Telcos in Chaina and Germany face union problems

Executive members of the state-run Chunghwa Telecom Co. Workers' Union have charged that telco's management of ongoing "inhumane" worker layoffs aimed at cutting costs. At the same time in Europe a German labor union sanctioned brief walkouts in protest of plans by Deutsche Telekom to institute longer hours and lower pay for thousands of workers.

In China, protesters demanded that the Ministry of Transportation and Communications (MOTC), which holds a 36-percent stake in Chunghwa, should replace its designated chairman, Ho Chen-tan. Workers claim Ho has resorted to "inhumane" means "of all kinds" since 2006 to lay off workers in order to "please" foreign investors. If Ho is not replaced, the union threatens to mobilize 5,000 workers to protest at the ministry headquarters May 1.
According to the workers union, some 1,600 workers were scheduled to be pink-slipped this month, with Chunghwa Telecom Workers' Union Secretary-General Chuang Ping-tang saying the carrier has a "layoff quota" that includes forcing "targeted" workers to quit by changing work schedules and duties with no prior notice. Apparently, anxiety is so high among Chunghwa workers that one generator-room technician committed suicide last year.
Chinese legislators have criticized highly profitable carrier ($1.2 billion last year) for violation of an agreement it signed with the workers' union in 2005 when it began the process of privatization. That agreement stipulated that no workers were to be laid off during the first five years of privatization.

In Europe, some 1,000 call-center representatives and technical-service members of Germany's ver.di service workers' union, located at six Deutsche Telekom sites, staged brief "warning strikes" lasting for one shift in protest of the incumbent's proposed plan to transfer as many as 50,000 staffers to a new service unit, called T-Service. (Apparently, these targeted mini-strikes are used by German unions to show they mean business while not disrupting business too much.) Workers claim the carrier plans to amend workers' labor contracts to secure more hours at less pay.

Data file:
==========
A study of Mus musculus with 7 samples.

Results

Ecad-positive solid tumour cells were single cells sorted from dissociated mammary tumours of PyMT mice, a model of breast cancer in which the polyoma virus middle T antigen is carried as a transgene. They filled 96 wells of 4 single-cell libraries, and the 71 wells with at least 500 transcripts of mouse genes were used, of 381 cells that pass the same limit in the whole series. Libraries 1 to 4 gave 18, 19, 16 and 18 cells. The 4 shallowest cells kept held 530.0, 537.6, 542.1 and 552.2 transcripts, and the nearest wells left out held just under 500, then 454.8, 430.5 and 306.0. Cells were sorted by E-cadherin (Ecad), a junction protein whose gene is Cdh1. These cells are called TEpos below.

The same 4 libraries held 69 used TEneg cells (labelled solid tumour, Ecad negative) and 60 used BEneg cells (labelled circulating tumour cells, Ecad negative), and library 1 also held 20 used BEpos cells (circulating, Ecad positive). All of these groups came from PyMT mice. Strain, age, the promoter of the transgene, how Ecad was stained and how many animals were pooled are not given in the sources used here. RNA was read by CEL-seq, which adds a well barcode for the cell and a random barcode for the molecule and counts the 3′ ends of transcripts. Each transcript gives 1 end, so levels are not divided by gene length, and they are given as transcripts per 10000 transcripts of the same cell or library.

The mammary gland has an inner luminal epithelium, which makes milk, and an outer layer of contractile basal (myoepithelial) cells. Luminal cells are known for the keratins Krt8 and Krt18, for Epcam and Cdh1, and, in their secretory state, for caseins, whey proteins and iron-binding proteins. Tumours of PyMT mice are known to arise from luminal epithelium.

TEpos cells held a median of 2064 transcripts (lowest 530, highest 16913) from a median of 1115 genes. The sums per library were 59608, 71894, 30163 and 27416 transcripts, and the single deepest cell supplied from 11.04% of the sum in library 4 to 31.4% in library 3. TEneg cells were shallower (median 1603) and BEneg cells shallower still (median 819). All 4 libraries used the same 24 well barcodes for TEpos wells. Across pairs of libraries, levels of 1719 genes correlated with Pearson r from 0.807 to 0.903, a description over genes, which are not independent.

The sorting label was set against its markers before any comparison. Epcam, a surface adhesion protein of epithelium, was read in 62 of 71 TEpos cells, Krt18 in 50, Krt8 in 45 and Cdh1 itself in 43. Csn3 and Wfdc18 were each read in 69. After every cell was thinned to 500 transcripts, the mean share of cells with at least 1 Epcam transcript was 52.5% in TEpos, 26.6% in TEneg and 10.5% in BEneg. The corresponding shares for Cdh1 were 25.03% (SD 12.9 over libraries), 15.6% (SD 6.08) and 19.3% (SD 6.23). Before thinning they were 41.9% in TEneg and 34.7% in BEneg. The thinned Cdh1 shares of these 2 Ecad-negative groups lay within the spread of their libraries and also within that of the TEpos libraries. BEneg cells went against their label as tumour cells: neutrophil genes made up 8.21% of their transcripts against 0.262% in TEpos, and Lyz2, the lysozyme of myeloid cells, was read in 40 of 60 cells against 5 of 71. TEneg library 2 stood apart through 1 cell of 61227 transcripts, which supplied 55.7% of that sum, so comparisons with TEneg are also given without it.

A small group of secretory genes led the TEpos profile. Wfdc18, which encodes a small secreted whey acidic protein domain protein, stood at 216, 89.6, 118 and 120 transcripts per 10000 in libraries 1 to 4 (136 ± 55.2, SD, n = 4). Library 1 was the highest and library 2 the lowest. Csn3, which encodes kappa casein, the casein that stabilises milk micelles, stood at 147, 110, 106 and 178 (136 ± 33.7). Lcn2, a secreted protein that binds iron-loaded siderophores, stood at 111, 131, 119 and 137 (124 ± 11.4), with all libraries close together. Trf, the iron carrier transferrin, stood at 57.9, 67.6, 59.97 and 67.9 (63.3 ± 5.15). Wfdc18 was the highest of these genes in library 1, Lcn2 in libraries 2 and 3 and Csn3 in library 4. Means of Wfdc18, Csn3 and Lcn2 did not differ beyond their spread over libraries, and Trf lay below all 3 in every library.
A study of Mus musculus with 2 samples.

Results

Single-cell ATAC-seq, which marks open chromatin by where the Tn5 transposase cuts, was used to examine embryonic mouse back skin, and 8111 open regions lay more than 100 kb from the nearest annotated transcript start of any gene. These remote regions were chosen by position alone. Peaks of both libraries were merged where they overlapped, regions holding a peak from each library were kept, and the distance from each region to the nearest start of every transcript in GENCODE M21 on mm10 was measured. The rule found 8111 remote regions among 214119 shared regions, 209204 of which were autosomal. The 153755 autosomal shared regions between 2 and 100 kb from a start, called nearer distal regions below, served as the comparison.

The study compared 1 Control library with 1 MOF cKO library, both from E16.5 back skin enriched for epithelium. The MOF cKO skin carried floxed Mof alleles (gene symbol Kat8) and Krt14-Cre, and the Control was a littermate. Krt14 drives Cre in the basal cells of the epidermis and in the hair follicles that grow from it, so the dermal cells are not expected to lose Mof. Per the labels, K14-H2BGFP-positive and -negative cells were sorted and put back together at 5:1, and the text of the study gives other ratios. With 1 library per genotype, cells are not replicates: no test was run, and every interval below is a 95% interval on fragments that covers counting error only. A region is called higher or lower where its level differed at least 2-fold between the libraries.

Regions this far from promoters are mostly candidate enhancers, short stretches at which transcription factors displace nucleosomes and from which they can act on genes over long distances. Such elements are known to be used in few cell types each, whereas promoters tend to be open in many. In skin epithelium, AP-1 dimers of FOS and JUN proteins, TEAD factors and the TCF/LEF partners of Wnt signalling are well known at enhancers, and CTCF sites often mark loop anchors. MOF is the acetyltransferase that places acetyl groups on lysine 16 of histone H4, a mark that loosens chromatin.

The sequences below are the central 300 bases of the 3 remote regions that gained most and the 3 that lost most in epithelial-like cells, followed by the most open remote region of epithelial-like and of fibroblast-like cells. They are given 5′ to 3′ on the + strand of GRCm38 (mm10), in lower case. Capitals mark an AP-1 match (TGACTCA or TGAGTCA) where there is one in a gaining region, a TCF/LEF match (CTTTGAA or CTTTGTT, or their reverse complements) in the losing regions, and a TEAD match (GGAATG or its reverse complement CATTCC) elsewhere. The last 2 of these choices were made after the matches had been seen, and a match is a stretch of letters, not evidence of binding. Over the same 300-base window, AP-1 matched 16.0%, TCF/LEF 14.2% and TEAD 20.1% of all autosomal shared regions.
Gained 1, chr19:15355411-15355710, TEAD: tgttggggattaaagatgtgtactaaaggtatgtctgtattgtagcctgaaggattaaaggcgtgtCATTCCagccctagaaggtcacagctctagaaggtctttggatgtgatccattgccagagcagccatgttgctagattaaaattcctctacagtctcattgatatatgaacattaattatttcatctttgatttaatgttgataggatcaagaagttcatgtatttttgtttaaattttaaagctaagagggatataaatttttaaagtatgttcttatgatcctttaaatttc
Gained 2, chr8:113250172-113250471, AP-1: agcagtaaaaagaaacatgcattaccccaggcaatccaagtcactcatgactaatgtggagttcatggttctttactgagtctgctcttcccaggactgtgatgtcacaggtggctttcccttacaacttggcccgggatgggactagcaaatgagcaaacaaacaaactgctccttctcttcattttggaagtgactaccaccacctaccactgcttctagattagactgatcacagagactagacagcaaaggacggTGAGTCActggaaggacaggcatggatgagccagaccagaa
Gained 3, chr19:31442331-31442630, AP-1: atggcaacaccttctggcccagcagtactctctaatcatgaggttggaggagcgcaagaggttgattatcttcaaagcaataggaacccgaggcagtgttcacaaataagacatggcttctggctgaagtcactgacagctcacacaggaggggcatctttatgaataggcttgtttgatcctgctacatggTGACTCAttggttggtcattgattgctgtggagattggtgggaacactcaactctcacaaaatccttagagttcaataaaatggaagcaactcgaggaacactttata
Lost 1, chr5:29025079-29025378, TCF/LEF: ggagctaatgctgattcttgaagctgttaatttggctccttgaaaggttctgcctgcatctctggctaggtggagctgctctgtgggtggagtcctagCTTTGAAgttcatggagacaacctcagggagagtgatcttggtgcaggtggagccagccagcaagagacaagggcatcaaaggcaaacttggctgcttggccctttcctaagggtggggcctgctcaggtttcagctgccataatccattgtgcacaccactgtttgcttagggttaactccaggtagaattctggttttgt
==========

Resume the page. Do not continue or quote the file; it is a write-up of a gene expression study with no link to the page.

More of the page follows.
Last month, Deutsche Telekom announced that, effective July 1, its call-center activities, technical customer service and operative units would be "integrated in three units." In the collective bargaining, which is beginning now, Deutsche Telekom is seeking to negotiate service-oriented employment conditions with ver.di and a payment structure that is in line with the market. In return, Deutsche Telekom has signaled its willingness to make an early extension to the agreement to avoid compulsory redundancies, which expires on Dec. 31, 2008.
As such, the carrier wants to increase the work week from 34 hours to at least 38 hours. Gradually, and in a socially considerate manner, pay levels are also to be moved closer to the market level.